2011 FEDERAL LAND MANAGER -- BUREAU OF LAND MANAGEMENT - Joe Kraayenbrink

2011 FEDERAL LAND MANAGER -- BUREAU OF LAND MANAGEMENT - Joe Kraayenbrink
Under the exemplary leadership of Joe Kraayenbrink, the Idaho Falls District has become an outstanding example of an organization that is carrying out the goals and objectives of the Take Pride in America program. While it is recognized it takes many dedicated hands and creative thinkers to effectively implement a program like this, those who work with Joe realize that it has been his direction and commitment to his staff and their ideas that has made these accomplishments possible.

The Idaho Falls District, with its four field offices, incorporates over 3.6 million acres. Through Joe’s leadership, the District’s recreation planners have continually found ways to support volunteer efforts, including scouting projects, educational experiences, tree plantings, cleanup efforts and much more. A broad variety of public land projects are occurring throughout the District.

From youth organizations to public land day events, the District is continually striving to promote public lands. For example, through Joe’s commitment, the Idaho Falls District endeavors to hire youth organizations to complete projects in hopes of instilling a love for the great outdoors. Currently, the Great Basin Institute (GBI) and the Youth Employment Program (YEP) are serving vital roles in helping the BLM implement their travel management plan and other field projects. In particular, the groups are important players in completing the Challis Travel Management Plan (TMP). The YEP is a local non-profit organization founded in Lemhi County created to foster an atmosphere of educational development and to provide employment opportunities for young adults in local communities. The YEP mission is to provide young people with first-time structured jobs that teach positive working skills and habits that will serve them throughout their lives. This crew, comprised of 10 to 50 workers, is focusing their TMP implementation attention on five priority areas within the Field Office.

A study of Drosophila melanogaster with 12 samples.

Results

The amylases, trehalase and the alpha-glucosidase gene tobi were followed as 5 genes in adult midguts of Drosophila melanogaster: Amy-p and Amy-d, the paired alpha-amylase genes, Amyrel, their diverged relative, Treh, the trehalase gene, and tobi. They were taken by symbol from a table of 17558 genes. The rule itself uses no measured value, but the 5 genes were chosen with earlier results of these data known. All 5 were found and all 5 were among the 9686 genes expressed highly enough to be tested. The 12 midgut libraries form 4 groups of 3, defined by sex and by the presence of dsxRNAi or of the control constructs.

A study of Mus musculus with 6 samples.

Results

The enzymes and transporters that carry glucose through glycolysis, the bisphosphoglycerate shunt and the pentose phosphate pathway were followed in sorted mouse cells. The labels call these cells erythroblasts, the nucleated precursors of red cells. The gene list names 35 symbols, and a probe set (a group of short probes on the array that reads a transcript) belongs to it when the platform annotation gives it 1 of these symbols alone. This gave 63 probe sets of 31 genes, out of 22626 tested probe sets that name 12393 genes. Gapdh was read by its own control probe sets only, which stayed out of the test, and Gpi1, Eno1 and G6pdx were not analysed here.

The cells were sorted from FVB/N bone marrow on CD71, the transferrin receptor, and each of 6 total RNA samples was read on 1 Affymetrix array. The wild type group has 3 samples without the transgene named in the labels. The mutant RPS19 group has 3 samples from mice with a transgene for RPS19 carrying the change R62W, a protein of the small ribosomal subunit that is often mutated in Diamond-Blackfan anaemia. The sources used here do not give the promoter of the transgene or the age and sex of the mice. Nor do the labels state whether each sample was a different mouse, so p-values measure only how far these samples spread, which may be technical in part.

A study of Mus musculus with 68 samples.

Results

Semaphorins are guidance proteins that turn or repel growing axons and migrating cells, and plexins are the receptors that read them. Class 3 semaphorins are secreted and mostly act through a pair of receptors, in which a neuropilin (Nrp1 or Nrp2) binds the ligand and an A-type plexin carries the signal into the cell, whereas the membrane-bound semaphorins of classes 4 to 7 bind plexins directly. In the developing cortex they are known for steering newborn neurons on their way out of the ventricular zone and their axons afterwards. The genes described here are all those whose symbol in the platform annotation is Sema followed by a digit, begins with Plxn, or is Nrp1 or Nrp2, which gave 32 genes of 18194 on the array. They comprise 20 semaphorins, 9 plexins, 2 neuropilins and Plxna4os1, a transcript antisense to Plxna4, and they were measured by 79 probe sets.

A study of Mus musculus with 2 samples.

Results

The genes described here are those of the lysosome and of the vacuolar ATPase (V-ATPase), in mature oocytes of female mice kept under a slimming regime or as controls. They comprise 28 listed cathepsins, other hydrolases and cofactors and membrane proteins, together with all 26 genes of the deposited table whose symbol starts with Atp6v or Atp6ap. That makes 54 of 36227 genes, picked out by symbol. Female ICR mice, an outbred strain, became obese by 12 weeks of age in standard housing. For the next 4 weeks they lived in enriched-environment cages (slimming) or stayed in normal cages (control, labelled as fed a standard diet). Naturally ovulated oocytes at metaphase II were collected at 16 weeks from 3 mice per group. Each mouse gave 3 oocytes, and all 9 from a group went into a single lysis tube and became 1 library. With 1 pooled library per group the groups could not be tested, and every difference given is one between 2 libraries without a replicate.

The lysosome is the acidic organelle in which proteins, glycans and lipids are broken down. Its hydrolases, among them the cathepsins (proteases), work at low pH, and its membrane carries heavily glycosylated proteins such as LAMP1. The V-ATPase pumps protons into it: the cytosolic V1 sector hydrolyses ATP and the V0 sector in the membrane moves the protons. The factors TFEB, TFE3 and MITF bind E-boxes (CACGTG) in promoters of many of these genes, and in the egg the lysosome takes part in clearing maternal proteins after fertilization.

Joe understands that utilizing local organization such as Boy Scout and Girl Scout troops are critical to completing many public land projects. Local organizations help clean recreation sites, build bridges and campgrounds, and sign routes and trails. For example, On September 25, 2010, over 463 Brigham Young University Idaho students, members from the BYU-Idaho 5th Stake and BLM staff ascended on the St. Anthony Sand Dunes to participate in a dunes cleanup for National Public Land Day. Along with over 50 OHV enthusiasts who recreate on the dunes, the volunteers cleaned up litter and debris adjacent to and within the Sand Dunes complex. Using sand sifters, garbage bags and gloves, the volunteers tackled old fire pits and other high-use areas to collect over 2,000 pounds of car bodies, pallet nails, unburned wood, litter and debris within and adjacent to the Dunes. After collecting the debris and litter for 2 hours, the volunteers were treated to an "Appreciation Lunch" and some National Public Lands Day items for their hard work at the private campground Sand Hills Resort. The 2010 event topped previous cleanups as the largest National Public Lands Day gathering ever at the Dunes. Collectively, the volunteers contributed over 1,175 hours of work, saving BLM over $23,000 in cleanup costs.

With Joe’s great care and concern for our public lands, the Idaho Falls District has been able to encourage outdoor ethics and volunteerism in eastern Idaho and engage a larger population base in carrying out our Nation’s Take Pride in America program.